CAITLIN ROWLEY
composer

Credo 2011

This document has been superseded, and is published here purely for archival purposes. Read the most recent version here.

  • I believe in simplicity in music. Clean lines, clear harmonies, strong form.
  • I believe that music shouldn’t be hard work to listen to. It shouldn’t be mindless fluff either – it should challenge and reward careful listening but be enjoyable.
  • I believe that music should be more than an intellectual exercise. It should aim to touch the emotions and make audiences feel the progression of the piece as a sequence of colours and emotions. Of course intellect plays a part, but I personally cannot be satisfied with creating music which only satisfies the intellect and not the ear and heart.
  • I dislike muddy textures, thick harmonies – my music resembles watercolours more than it resembles an oil painting – most of the time you can see the paper through the pigment. I like to let the individual colours of instruments in an ensemble come through – I have less interest in a group of instruments as a group than in them as a collection of individual sonorities.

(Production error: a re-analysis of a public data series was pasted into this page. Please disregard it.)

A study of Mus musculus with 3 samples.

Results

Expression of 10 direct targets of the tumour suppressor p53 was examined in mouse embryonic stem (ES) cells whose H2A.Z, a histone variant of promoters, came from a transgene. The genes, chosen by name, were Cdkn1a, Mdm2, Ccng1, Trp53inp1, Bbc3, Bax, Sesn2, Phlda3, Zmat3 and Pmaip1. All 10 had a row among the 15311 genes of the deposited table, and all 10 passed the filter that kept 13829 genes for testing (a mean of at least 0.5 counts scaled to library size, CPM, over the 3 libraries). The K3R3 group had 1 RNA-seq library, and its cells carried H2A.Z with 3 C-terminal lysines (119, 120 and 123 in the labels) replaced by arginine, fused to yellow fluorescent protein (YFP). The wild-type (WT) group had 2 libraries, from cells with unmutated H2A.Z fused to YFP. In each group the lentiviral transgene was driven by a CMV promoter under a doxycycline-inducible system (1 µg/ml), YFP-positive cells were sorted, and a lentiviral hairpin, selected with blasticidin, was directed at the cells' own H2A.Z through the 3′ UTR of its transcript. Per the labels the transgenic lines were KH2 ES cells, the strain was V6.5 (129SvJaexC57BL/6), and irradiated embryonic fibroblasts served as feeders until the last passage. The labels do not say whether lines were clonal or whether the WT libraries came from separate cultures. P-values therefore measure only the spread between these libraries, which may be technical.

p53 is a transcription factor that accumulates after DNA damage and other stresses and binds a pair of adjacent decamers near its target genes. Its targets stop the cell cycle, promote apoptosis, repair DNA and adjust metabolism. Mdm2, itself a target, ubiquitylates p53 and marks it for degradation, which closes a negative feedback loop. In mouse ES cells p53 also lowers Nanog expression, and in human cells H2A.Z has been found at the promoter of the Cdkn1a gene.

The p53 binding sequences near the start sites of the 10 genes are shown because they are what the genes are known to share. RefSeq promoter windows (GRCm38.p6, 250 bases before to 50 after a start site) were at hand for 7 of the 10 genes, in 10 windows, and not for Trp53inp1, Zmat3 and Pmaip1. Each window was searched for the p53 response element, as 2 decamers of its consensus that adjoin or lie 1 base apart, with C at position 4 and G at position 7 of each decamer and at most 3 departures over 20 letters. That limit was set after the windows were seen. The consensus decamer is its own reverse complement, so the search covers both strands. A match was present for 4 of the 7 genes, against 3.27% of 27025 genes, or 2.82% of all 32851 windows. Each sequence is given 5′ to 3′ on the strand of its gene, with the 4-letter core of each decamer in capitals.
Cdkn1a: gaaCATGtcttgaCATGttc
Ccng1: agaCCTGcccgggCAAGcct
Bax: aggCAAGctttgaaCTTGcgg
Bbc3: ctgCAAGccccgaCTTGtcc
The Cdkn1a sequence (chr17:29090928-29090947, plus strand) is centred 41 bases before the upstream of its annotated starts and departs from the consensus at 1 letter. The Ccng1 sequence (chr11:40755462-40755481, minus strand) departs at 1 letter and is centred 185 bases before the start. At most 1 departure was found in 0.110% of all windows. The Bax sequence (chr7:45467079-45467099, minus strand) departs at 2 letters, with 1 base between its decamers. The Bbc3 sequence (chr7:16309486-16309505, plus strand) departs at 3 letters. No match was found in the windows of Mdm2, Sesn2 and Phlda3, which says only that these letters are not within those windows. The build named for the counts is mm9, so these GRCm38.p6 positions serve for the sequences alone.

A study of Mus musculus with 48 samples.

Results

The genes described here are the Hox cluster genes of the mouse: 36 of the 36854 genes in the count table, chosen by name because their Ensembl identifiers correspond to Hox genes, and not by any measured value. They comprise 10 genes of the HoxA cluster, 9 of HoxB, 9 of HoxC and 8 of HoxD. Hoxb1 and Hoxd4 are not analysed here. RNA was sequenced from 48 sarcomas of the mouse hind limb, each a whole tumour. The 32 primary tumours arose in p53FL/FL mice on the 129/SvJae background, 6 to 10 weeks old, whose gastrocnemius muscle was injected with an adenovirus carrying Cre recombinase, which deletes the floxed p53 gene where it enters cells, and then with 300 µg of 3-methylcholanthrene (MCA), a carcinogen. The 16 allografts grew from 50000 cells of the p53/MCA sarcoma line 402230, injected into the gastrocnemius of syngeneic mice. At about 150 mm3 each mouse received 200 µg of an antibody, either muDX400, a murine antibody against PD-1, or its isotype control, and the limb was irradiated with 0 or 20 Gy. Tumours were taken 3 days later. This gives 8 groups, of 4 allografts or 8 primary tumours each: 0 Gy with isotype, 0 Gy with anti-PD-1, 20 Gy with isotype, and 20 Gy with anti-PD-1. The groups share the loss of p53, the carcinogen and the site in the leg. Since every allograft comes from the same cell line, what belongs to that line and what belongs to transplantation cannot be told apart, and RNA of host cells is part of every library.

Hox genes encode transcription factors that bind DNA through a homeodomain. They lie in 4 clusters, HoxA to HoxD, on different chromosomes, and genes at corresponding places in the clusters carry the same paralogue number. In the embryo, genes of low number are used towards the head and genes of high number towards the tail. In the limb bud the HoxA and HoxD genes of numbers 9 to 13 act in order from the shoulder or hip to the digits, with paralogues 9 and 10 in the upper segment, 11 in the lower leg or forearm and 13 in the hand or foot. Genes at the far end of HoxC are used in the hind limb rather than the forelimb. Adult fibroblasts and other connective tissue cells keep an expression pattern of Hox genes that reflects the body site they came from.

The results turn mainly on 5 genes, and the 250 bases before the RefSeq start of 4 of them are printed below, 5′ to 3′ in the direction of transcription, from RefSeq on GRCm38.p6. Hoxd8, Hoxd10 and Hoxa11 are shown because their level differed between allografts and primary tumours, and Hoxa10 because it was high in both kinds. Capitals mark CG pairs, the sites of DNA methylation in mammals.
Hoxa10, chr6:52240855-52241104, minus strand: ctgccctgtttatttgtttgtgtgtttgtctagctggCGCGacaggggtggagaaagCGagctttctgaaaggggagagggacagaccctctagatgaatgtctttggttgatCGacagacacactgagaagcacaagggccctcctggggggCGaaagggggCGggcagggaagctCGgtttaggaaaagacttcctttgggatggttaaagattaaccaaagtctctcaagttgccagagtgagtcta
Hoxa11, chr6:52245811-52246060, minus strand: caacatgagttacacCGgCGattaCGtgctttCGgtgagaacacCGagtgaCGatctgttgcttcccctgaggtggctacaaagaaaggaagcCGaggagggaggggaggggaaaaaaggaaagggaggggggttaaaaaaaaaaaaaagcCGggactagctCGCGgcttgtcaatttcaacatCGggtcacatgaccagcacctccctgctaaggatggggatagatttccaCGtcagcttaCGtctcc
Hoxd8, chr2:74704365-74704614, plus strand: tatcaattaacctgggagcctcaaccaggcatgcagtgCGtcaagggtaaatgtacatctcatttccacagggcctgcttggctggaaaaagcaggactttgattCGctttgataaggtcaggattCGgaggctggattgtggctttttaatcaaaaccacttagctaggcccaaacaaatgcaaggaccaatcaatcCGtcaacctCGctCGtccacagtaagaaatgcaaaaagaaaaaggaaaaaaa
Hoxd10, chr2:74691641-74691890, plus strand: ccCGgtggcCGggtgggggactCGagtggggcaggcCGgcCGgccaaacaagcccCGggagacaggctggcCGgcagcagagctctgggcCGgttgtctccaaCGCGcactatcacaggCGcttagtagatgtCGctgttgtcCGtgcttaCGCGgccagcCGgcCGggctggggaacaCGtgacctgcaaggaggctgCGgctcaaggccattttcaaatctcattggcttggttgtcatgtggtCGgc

• The music I like best is often that which achieves great effect with economy of resources – for example, Erik Satie’s Socrate, Stravinsky’s Symphonies of Wind Instruments, Bach’s Two-Part Inventions.
  • As a performer, I am primarily a flautist and singer. I believe these have influenced the importance I place on line in my compositions – line is almost always more important in the structure of the piece than harmony. Movement is driven by the horizontal, not the vertical.
  • I find myself increasingly influenced by art, and particularly art from the 20th century onwards. I never try to create an exact interpretation of an artwork, even when I write a piece that has a direct connection with a particular painting, but it’s more about capturing detail and technique and interpreting this with musical resources – Kandinsky’s ideas about points and lines, The incredible, subtle detail achieved by Rothko in the Seagram Murals.
  • I have an interest, too, in the private experience of performing. Some of my pieces (the series of Eggs, in particular) are not designed with public performance in mind, but rather with performance for the joy of the performer.